It’s best to divide the process of learning this pose into four simple parts:
Part 1 - Preparatory Poses for Mayurasana
To bring balance to your core muscles and strengthen your upper body, you’ll need to activate and warm-up your entire body:
1. Phalakasana (Plank Pose) - To get into this pose, start on all fours, keep your hands on the mat shoulder-width apart, and your knees under your hips. Squeeze your hands and shoulders to lift your chest a little higher.
Next, lift your knees and extend your legs one by one while maintaining a tight core. Bring your gaze down in-between your hands or slightly forward. Hold this pose for 3 to 5 minutes to condition your upper body and core for arm balance.
2. Chaturanga Dandasana (Four-Limbed Staff Pose) - Start in Plank position, bend from the elbows at a 90-degree angle and bring your body to a low plank position. Make sure your body is parallel to the ground and that you’re utilizing your upper body strength to maintain this arm balance.
Hold this for 30 seconds for 3 to 5 rounds to build strength in your shoulders, upper back, traps, and wrists.
3. Hamsasana (Swan Pose) - If you don't have enough wrist flexibility and core strength to hold Peacock pose, Swan pose is another option.
Continue from Plank pose, reverse your grip and rest your abs on your elbows. Make sure your elbows are close together and right below your ribcage. No need to lift your legs – maintain your gaze forward and hold this pose for 1 to 5 minutes.
Swan pose helps beginners adapt to Peacock pose faster by strengthening the necessary muscle groups without too much stress.
Part 2: Step-by-Step Instructions to Perform Mayurasana
The following are steps to practice Peacock pose:
Step 1- Start by sitting in the middle of your mat in Hero Pose or Virasana position. Sit upright for a few seconds and focus on your breath.
Step 2- Now, place both palms shoulder-width apart in front on the mat so that your fingers are pointing toward your lower body.
Step 3- Keep your shoulders, upper back, and core engaged.
Step 4- Bend your arms at 90 degrees, and make sure your elbows are close to each other while keeping space between your palms.
Step 5- Inhale and exhale, lean forward, rest your head on the ground, and place the center of your abdomen on your elbows.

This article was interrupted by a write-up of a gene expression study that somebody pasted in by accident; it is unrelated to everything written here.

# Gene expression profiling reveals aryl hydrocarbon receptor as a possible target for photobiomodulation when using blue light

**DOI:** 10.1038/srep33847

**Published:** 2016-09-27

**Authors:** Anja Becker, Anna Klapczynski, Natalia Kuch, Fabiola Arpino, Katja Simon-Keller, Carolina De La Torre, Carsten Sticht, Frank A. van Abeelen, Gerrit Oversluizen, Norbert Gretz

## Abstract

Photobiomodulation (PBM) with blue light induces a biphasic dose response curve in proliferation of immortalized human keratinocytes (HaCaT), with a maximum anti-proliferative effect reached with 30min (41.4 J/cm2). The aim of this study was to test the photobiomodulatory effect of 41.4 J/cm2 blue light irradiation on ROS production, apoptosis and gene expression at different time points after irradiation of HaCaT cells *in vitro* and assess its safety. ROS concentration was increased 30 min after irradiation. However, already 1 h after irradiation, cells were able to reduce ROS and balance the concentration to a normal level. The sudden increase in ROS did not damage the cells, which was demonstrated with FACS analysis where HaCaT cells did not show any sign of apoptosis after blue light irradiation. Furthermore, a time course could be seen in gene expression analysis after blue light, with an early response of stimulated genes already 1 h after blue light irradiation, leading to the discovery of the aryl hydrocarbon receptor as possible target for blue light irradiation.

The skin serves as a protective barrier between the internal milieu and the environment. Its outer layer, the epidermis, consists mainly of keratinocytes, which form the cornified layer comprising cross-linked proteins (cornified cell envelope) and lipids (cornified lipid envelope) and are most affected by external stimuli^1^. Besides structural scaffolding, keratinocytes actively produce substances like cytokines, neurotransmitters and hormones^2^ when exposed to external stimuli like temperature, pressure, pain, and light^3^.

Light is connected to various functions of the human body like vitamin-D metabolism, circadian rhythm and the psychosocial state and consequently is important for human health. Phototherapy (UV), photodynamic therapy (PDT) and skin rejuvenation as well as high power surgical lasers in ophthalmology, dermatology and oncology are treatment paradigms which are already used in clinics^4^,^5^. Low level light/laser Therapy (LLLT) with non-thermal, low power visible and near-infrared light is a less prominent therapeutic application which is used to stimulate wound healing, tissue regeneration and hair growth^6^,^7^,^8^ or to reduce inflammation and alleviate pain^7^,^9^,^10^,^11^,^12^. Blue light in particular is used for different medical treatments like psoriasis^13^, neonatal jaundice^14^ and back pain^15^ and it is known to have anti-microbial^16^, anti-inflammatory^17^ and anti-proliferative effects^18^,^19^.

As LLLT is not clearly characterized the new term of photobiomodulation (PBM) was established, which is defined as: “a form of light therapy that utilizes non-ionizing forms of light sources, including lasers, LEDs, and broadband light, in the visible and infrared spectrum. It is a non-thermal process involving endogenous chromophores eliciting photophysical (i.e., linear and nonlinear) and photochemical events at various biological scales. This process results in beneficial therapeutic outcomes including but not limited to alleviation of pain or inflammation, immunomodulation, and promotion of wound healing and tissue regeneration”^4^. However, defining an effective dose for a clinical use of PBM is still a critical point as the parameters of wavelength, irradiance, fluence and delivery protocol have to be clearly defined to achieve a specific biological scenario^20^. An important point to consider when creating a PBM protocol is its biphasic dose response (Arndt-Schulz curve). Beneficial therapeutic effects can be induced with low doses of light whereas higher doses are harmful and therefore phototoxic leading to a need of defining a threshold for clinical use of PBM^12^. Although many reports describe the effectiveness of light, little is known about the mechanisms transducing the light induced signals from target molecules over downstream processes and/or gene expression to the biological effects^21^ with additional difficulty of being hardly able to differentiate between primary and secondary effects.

Step 6- As you exhale entirely, hold your breath during the main arm balance. Lift your legs in the air and stretch them out straight, all toes pointing.
Step 7- Finally, gently lift your head off the mat, gaze forward, and keep your body straight from head to toe.
Step 8- Exhale and release this pose by bringing your legs back on the mat in Virasana position.
Hold Breathe: During the balancing act.
Exhale: When you are about to exit from the main posture.
Inhale: When your palms are placed on the mat in front of you.
Inhale & Exhale: While sitting in Hero position and right before you’re about to place your core on your elbows.
Performance Duration for Beginners: Hold Mayurasana for 10 to 20 seconds.
Performance Duration for Advanced: Hold Mayurasana for 30 to 90 seconds.
Part 3: Things to Keep in Mind
Here are a few essential posture cues to be mindful of while getting started with this powerful arm balance.
Grip your yoga mat - While performing any arm balance, you're most likely placing your hands on the mat, and most of the pressure is on your wrists. To ensure your wrist doesn’t get hurt in prolonged arm balance holds, spread your hands and press your fingers into the mat like you're holding the ground with your front fingers.
Do not release your legs too fast - Releasing your legs before your body is ready to balance itself can make it challenging to get into this pose. Take your time. First, give your wrist, elbows, and head time to adjust and create a strong foundation. Next, focus on your breath, keep your core and upper body engaged, and then let go of your legs with your gaze focused in front.
Do not lean too far forward - Some yogis get their legs too high in the air, with their head either on the ground or raised close to the ground. This happens when you lean in too far forward, turning your body into a see-saw because one side is heavier than the other. Find your body’s midpoint to align your elbows and make sure both sides are parallel to the ground.
Part 4: Relaxing Poses After Mayurasana
Arm balancing yoga poses can be exhausting and overwhelming. Give yourself time to unwind with the following relaxation sequences post-Mayurasana practice:
1. Adho Mukha Svanasana (Downward Facing Dog Pose) - Lie on your abdomen with your hands close to your chest and keep your legs together. Inhale, lift from your chest with your palms pushing into the mat.
Tuck your toes into the mat and lift your knees off the mat. Point your pelvis toward the ceiling, and slowly form a triangle-like posture with your hands and feet flat on the mat. Finally, exhale and relax your tensed upper back, shoulders, neck, and arms in this counter pose for a few minutes.
2. Balasana (The Child’s Pose) - Continue from the Down-Dog position by bending your knees and bringing them back to the ground. Form the table-top position, bring your pelvis onto your heels, and rest your head on the floor.
You can stretch your arms in front or just keep them at your sides, with both palms facing the ceiling. Hold until your spine, neck, core, and arms return to their respective neutral form.